Helping nature and people thrive in our cities

Aerial photo of trees in a parkland beside a river within a cityscape © Martyna Bober on Unsplash

Five projects are launched to study the connections between the quality of urban green spaces and our health and wellbeing.

The pandemic has thrown into sharp relief how important access to green spaces is for our mental and physical health. But what is less clear is how the quality of those environments affects the benefits we get from them, how the health of nature affects our own feelings of connection with nature, and our health. This is particularly true of the parks, canals, gardens, allotments and other open spaces in towns and cities, where most people live.

A new Lancaster University-led project, QUENCH, is bringing academics and practitioners together to find answers to these questions and to help create urban environments that are good for people and ecosystems. Funded by the Natural Environment Research Council and in partnership with the University of Liverpool, the QUENCH team is building a network of environmental scientists, health researchers, psychologists and social scientists, along with practitioners from the public, private and third sectors.

“Involving people from outside of academia as an integral part of the network helps to make sure that the research is grounded in the real-life experience and needs of people working on managing, maintaining, regenerating and designing urban green spaces,” said Dr Andy Yuille, a QUENCH network associate.

A key part of building this network was a series of five workshops held in early 2022. These brought together experts from across disciplines and sectors to find new and exciting ways of collaborating to investigate this issue. The QUENCH network has now funded five proof of concept studies developed by workshop participants to test out these new ideas, which will run for six months.

Each of the studies tackles a different angle on understanding the links between the quality of our environments, our connection with nature and our health:

  • Making Space for Young People is looking at the physical and mental health effects on teenagers of doing different types of activities (conservation tasks, mindfulness exercises, and group discussion) in places with high or low biodiversity
  • EQUI-FOOD is examining how soil quality affects people’s sense of connection with nature in urban food growing projects at ground level and in rooftop gardens
  • Quality Inequalities is investigating how the ecological and sensory qualities of place influence inequalities in people’s experience of nature
  • Why do we dig gardens? is studying how ecosystem quality in nature-based activities can affect the management of and recovery from common mental health disorders?
  • Designed for Connection is looking into the effects of a new approach to citizen science, intended to foster connection with nature as well as monitor urban ecosystems, in areas of high and low ecological quality

“This work is crucial if we want to create healthier more sustainable places for people and nature to prosper. We’re excited to have brought together such a fantastic network of experts across sectors and to be able to launch these projects that will collaboratively start addressing this important question and informing how we design, manage and use urban green space,” said Professor Jess Davies, the QUENCH network lead and Director of the Centre for Global Eco-innovation at Lancaster University.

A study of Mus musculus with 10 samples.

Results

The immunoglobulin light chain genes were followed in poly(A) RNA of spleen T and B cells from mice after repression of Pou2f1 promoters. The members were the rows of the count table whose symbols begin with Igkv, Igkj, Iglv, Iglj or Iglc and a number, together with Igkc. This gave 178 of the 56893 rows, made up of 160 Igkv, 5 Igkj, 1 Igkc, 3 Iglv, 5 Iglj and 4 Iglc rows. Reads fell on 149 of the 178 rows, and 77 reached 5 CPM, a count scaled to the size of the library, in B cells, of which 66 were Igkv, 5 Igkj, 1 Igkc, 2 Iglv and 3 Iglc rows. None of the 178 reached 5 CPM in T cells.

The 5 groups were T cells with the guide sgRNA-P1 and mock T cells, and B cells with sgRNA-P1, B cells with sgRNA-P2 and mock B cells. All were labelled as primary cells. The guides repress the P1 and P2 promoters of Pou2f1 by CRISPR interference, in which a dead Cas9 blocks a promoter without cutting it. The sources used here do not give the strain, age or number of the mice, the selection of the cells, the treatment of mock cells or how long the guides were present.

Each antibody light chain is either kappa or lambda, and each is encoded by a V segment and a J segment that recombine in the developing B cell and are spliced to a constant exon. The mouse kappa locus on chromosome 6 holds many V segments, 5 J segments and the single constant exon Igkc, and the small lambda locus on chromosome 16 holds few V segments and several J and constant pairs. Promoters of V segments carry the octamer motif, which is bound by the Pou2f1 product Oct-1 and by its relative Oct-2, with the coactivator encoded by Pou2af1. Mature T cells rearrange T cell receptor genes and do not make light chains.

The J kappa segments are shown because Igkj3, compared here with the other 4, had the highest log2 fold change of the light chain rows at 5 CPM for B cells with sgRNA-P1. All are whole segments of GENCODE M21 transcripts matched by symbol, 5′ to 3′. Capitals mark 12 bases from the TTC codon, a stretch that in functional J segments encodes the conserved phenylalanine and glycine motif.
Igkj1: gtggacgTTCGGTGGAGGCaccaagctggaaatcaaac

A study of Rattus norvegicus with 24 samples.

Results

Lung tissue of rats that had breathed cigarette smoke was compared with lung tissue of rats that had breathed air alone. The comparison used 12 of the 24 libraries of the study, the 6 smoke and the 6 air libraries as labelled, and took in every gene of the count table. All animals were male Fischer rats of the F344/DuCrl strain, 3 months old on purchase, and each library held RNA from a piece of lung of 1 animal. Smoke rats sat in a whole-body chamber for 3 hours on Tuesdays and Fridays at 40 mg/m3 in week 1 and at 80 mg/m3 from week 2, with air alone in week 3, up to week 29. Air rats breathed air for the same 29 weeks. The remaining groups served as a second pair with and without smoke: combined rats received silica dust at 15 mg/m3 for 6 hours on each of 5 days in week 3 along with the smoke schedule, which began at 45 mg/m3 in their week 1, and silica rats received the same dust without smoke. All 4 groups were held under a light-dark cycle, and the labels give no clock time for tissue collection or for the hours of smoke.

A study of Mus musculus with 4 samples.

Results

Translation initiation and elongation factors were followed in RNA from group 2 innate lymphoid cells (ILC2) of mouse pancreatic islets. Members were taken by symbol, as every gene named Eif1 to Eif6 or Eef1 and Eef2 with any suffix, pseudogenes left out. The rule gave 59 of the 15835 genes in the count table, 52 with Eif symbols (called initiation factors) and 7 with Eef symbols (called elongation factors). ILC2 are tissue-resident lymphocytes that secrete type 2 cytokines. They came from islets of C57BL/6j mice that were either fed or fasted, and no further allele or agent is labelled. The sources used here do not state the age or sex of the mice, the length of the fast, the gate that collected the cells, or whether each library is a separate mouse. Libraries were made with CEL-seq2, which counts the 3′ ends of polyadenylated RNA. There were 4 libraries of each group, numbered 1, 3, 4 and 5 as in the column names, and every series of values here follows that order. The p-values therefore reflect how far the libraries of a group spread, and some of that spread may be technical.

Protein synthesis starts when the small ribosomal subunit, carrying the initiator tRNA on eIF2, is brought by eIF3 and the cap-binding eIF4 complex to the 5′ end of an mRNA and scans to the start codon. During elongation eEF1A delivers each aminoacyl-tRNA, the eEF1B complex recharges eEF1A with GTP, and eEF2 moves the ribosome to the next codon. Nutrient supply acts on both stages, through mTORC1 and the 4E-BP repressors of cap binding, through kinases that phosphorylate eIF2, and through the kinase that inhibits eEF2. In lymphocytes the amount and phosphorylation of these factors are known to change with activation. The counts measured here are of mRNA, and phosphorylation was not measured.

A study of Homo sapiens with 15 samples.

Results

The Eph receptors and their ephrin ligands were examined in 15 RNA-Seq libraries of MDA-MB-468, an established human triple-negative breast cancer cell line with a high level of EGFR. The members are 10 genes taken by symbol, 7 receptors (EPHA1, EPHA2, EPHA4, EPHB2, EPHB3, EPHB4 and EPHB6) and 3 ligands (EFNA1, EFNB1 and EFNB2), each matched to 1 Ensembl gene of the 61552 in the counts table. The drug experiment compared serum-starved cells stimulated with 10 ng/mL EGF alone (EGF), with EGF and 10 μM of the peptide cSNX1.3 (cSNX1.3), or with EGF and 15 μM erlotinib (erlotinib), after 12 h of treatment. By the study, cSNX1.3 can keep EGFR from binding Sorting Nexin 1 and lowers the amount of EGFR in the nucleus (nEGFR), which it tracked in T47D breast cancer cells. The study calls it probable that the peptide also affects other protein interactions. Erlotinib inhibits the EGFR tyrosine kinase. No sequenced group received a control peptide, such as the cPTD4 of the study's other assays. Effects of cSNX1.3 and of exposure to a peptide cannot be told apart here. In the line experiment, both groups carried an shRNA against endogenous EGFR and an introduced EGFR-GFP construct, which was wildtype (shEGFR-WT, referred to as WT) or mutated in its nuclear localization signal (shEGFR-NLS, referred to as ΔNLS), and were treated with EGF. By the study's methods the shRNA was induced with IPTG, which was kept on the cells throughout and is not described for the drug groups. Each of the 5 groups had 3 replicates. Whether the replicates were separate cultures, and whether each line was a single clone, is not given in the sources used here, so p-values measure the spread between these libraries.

The non-academic project partners are excited about the potential for the network and the five studies to inform their work on the ground.

John Hutchinson from Groundwork said “The findings from this research will ensure that the views of young people, how they engage with, and how they value nature are more deeply understood. These views will guide long term nature improvements along the Sankey Valley corridor in St Helens.”

Louise Neilson from BIC Innovation said “A brilliant network event, that has provided the opportunity to build new relationships with numerous different individuals who have shared amazing insight and expertise. I'm looking forward to delivering our EQUI-Food project with the team, which will hopefully lead to some significant impactful projects in the near future.”

Emma Critchley from Eden Project North said: “This study and the opportunity to engage in this important research will hopefully bring a greater understanding of the community’s connection with nature and also help inform our work on developing Eden Project North.”

Mat Cottam from TCV said: “This interdisciplinary, cross-sectoral approach - bringing together academics, practitioners and business - presents a great opportunity to develop and test ways that connecting to nature can benefit health, testing them against real world opportunities and the barriers real people face.”

Workshop participants all made short videos describing the perspectives, needs, methods and resources that they bring to answering these questions. The videos are hosted on the QUENCH website and provide a long-term resource for other people who are interested in developing these ideas and collaborating on this challenge.